A baby died Jan. 17 from COVID-19 in Umatilla County, Ore., according to information released Thursday by public health.
Officials announced Umatilla County’s 80th virus-related death was a newborn boy, born to a woman who had tested positive at the time of the birth.
The birth was an emergency delivery, officials said.
The child tested positive and died the same day at Kadlec Medical Center in Tri-Cities.
Oregon Health Officer Dr. Dean Sidelinger said that while every death from COVID-19 is a tragedy, it is even more so in a child.
“The death of an infant is extremely rare. This news represents a tremendous loss to the mother and family,” Sidelinger said.
“My thoughts are with them during this difficult time.”
Gov. Kate Brown echoed those words, noting that Oregonians have worked together for nearly a year to protect lives from the virus.
“The loss of a life so young is an indescribable tragedy for a family. Dan and I send our thoughts and condolences to the mother and family of this child, whose grief must be unimaginable in this moment. The hearts of all Oregonians are with you today.”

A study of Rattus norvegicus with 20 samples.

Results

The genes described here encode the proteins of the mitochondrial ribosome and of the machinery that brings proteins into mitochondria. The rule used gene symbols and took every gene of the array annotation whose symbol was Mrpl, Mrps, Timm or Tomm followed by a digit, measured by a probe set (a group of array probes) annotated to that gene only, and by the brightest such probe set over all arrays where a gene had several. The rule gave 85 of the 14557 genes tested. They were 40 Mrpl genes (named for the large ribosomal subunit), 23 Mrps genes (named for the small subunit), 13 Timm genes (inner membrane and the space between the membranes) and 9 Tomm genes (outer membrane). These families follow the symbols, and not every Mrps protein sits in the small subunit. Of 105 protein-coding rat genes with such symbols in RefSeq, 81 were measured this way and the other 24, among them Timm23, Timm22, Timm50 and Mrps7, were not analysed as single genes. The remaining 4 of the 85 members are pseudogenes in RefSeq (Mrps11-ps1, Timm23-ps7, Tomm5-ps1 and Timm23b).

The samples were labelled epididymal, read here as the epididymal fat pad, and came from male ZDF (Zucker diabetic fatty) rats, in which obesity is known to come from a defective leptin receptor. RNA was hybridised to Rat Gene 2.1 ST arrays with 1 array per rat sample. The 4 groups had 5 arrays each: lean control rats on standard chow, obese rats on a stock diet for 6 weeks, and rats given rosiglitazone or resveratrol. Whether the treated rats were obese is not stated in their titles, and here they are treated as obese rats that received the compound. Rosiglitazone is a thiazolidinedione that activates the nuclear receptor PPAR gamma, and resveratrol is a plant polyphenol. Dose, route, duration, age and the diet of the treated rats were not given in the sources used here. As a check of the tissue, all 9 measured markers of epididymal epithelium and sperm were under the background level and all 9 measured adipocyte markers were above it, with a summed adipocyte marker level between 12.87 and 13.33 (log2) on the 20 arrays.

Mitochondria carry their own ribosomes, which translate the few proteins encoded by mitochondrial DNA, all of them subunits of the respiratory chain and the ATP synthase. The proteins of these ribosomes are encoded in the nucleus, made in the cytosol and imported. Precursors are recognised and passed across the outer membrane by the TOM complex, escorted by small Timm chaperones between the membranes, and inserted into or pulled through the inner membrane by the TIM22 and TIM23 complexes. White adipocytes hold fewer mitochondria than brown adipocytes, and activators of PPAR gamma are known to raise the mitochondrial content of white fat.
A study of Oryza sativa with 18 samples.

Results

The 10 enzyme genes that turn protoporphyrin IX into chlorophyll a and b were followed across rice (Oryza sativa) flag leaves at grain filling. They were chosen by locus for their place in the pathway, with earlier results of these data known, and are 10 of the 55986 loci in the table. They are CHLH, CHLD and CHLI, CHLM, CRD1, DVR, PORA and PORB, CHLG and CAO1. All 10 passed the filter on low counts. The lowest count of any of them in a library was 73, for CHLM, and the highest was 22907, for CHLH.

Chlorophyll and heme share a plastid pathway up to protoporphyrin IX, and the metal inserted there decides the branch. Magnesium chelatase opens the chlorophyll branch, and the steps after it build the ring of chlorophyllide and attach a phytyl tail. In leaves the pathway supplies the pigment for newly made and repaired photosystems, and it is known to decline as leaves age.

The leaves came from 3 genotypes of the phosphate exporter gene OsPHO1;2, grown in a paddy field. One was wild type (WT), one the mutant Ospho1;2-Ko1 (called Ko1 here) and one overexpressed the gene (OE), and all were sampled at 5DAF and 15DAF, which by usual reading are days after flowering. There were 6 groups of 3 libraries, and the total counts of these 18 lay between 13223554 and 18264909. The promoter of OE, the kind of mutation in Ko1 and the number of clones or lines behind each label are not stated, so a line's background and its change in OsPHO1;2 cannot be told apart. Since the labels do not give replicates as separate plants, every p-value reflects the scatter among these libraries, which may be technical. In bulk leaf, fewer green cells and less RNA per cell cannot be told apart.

Sidelinger said children infected with COVID-19 are less likely to develop severe illnesses compared to adults, but risks still remain to children of developing more severe illnesses from COVID-19. Parents should seek emergency medical care for their children if certain symptoms such as these are present:
- Trouble breathing
- Pain or pressure in the chest that doesn’t go away
- New confusion
- Being unable to wake up or stay awake when not tired
- Bluish lips or face
According to the Centers for Disease Control and Prevention, the hospitalization of children for COVID-19 related illnesses remains low compared to adults, and only 1.3% of all positive and presumed cases of COVID-19 in Oregon have been reported among age 9 or younger.
The CDC said children with certain underlying medical conditions and infants younger than 1 year old might be at increased risk for severe illness from SARS-CoV-2 infections, and among those who experienced severe illness from COVID-19, most have had underlying medical conditions.